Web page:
Imperishable Beauty

You have probably already seen Dove’s viral video campaign called “Dove Real Beauty Sketches.” Released to YouTube on April 14, it has already been viewed more than 10 million times (between the three-minute and six-minute versions). The video includes a simple description: “Women are their own worst beauty critics. Only 4% of women around the world consider themselves beautiful. At Dove, we are committed to creating a world where beauty is a source of confidence, not anxiety. So, we decided to conduct a compelling social experiment that explores how women view their own beauty in contrast to what others see.”

It is a fascinating experiment. A police sketch artist and a woman sit in a room together, separated by a sheet, so they cannot see one another. He asks the woman to describe her own appearance while he draws a sketch based on her description. Then, before she can see the artist’s work, the woman leaves and a second person enters the room; the artist asks this person to describe that same woman. Then the two sketches are put side-by-side. The results are uniform: the woman describes herself as plainer than she is, heavier than she is, less attractive than she is. The second sketch is always more beautiful and more accurate.

The point is clear: When it comes to beauty, women are their own worst critics. Where others are drawn to what makes them attractive, left to themselves they focus more on their flaws. While granting that “Real Dove Beauty Sketches” is ultimately a commercial for Dove products and hardly an unbiased experiment, it has resonated because there is something in it that we can all identify with.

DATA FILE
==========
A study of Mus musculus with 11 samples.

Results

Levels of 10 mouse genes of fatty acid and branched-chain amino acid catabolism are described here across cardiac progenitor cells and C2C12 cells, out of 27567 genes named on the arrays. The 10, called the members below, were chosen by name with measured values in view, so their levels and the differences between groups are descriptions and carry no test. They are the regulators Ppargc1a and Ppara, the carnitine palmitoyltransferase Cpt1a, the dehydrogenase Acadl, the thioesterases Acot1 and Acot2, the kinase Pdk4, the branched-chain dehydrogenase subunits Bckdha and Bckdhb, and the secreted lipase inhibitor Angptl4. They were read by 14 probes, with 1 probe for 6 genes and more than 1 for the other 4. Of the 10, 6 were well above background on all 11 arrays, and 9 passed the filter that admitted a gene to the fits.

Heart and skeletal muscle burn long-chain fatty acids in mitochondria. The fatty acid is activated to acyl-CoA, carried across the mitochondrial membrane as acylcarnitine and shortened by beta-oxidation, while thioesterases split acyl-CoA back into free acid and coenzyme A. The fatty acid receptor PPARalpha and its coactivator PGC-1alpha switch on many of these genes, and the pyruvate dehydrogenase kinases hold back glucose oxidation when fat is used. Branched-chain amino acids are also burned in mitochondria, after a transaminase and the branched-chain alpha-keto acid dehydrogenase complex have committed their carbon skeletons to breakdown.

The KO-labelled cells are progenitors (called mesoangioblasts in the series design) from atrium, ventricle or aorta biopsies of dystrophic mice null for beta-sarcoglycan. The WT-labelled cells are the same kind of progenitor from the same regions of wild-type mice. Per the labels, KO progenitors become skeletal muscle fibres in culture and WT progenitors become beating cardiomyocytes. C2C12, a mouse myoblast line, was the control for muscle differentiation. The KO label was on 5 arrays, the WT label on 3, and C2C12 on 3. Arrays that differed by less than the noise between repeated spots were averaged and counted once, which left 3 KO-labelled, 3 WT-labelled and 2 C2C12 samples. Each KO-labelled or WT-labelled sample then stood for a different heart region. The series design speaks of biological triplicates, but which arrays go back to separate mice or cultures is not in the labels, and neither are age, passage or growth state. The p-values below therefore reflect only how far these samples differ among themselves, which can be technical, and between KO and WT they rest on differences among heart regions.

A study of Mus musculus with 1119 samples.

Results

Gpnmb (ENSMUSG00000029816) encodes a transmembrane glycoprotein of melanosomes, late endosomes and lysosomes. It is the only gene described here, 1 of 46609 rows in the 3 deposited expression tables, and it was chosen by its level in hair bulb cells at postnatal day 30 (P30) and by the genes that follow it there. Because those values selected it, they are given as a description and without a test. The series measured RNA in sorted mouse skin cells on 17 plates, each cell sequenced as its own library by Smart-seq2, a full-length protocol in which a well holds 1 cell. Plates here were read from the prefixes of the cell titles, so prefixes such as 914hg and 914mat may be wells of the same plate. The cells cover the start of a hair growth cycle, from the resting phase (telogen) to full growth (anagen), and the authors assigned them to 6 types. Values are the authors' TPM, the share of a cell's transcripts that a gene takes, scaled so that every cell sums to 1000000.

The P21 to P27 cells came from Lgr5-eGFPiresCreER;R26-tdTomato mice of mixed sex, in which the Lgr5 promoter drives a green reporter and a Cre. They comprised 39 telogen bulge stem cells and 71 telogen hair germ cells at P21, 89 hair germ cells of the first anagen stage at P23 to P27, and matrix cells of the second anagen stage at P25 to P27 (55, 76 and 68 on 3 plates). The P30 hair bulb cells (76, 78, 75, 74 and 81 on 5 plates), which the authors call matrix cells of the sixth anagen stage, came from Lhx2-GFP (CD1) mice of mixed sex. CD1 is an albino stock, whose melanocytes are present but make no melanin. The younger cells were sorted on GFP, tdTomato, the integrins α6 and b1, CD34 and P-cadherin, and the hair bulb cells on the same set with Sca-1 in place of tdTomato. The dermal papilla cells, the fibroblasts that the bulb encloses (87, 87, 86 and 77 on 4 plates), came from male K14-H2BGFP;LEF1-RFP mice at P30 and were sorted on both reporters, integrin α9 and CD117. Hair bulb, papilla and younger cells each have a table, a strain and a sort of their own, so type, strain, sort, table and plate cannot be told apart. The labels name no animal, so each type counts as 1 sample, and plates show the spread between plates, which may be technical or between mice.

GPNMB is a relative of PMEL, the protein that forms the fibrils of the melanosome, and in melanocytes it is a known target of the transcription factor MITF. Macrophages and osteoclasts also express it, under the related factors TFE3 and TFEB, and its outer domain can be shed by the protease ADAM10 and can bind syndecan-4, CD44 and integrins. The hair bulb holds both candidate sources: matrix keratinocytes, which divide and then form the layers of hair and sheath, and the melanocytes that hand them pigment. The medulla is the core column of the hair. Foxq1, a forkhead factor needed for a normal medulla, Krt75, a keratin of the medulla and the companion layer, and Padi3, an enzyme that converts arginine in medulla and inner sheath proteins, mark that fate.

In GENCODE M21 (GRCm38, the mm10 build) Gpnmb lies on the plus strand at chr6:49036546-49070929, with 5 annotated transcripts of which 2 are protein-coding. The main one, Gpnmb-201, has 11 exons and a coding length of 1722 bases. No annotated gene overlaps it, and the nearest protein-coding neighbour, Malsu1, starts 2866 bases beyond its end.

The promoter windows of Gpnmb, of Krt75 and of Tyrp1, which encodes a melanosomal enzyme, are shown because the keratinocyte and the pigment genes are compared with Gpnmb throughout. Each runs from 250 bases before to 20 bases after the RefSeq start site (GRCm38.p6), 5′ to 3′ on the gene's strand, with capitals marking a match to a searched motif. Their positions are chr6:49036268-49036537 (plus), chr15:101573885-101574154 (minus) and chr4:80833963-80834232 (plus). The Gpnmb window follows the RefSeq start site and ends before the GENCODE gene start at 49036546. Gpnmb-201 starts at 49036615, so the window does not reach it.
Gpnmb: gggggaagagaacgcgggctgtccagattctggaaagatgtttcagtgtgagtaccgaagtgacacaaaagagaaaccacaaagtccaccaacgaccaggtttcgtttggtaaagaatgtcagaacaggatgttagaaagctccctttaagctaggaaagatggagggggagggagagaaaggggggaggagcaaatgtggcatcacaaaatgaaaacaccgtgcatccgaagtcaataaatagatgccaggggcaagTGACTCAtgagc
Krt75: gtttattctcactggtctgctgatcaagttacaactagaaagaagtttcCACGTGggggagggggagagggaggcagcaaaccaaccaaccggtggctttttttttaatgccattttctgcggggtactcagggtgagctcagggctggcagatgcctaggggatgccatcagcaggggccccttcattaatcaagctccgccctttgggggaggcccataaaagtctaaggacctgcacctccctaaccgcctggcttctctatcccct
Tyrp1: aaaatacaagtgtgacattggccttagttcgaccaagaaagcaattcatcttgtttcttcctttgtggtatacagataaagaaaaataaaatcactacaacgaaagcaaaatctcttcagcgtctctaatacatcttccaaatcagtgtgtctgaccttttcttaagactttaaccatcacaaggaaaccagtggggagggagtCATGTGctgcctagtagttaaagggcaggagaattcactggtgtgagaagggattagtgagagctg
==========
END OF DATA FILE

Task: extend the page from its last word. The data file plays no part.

In all of life there is a conflict between who we believe we are and who other people believe we are, and in this conflict we tend to believe that we are the ones with the better and more accurate assessment. What is true of the outer man is equally true of the inner man. In fact, it may be even more pronounced.

At Grace Fellowship Church we have tried to be deliberate in creating a culture of encouragement rather than discouragement, a culture where we have trained ourselves to be deliberate in pointing to evidences of God’s grace in the lives of other Christians. At times our small groups even pause to focus on just one person and to tell that person some of what we’ve seen of the Lord’s grace in their lives. This is not paying a person compliments, but rather verbalizing how we have seen God’s grace evident in their lives. It is a practice that generates humility, not pride.

What always stands out to us is that the areas in which we think we are weakest are the ones in which other people identify grace. We are so aware of our sin that we blind ourselves to the grace of God which is slowly but consistently putting that sin to death. In fact, the very reason we consider ourselves so weak in these areas may well be that we are fighting hard against that sin. Where other people see grace, we see only failure. The inner beauty of what God is accomplishing and has already accomplished fades when we focus only on the ugliness of sin.

Whether assessing the inner or the outer man, we are our own harshest critics. We have too much confidence in our ability to see ourselves as we are and too little trust in the assessment of other people. Dove’s experiment reminds us that our self-assessment is flawed and that we may find greater clarity if we are able to see through the eyes of the people around us.

Christian, what are you doing to help other people see the real beauty of God’s grace in their lives?